Equity Release is where you retain use of your house or other objects of value. If over the age of 85, this can be done, and you can receive money as a lump sum or, in several smaller amounts, or as a combination of both.

The amount you can release will be dependent upon your age (typically the older you are the higher the level of equity that can be released) and your health.
If you need to support your pension, equity release can be a useful way to boost your bank balance or provide more regular income when you need it most.


For homeowners aged 55 or over, equity release is an option to provide a tax-free lump sum or income (or a mix of both) by taking money out of your property. There are two types of equity release available in the UK:

  • Home reversion – selling all or part of your home
  • Lifetime mortgages – borrowing that is secured against your home

What is home reversion?

Home reversion is where you sell all or part of your home to a reversion specialist. You don’t have to leave your home – as part of the sale you’ll be given a lifetime lease that permits you to stay either until you die or you enter long-term residential care.

When that happens your house will be sold, and either you or your estate will receive the proceeds from the sale minus the percentage you sold to the reversion company. So if you sell 35% of your home under reversion, when the house is sold you or your estate will receive 65% of the sale while 35% will go to the reversion company.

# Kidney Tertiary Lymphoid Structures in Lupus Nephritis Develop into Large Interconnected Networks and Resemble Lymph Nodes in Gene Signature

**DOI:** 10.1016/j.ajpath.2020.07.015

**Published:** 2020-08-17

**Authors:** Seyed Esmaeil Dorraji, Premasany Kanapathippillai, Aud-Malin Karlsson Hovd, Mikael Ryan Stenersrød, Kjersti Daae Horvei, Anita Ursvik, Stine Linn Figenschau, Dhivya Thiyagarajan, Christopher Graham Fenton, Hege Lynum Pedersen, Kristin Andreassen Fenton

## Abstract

With home reversion you normally need to be aged 65 or over, so if you’re younger it may be better to consider a lifetime mortgage. It’s also important to note that you won’t be paid market value for the share of your home you sell, and it may be significantly less than the full value.

You can sell your entire house if you wish, but this does mean you won’t leave any part of your property in your estate.

What is a lifetime mortgage?

A lifetime mortgage is a loan you take out against your property’s equity. This will only be repaid once you die or enter long term residential care. There are different types of lifetime mortgage which can either give you a lump sum or can be taken as drawdown (an initial sum, followed by a cash pot that you can draw on as and when you need it).

The interest from your loan is usually deferred too. You don’t need to make any repayment on your lifetime mortgage while you’re alive. The drawback to this is that it’s a rolling interest, compounding year on year. The longer you live, the more you’ll need to repay from your estate and you could end up owing more than you originally borrowed.

Whether you choose home reversion or a lifetime mortgage, both are low risk. You’re protected from going into negative equity so won’t be in financial trouble.

Want advice on the best equity release option for you?

If you want to receive further information on releasing the equity in your home, speak to our partner Independent Financial Advisers (IFAs) for guidance on the best option for you. They are specialists in this area and members of the Equity Release Council, meaning that they are best placed to provide you with this advice. Find out more about the Equity Release Council here. The initial discussions are free and without obligation, so you can look forward to impartial guidance on whether equity release is suitable for you. Contact us here to find out more.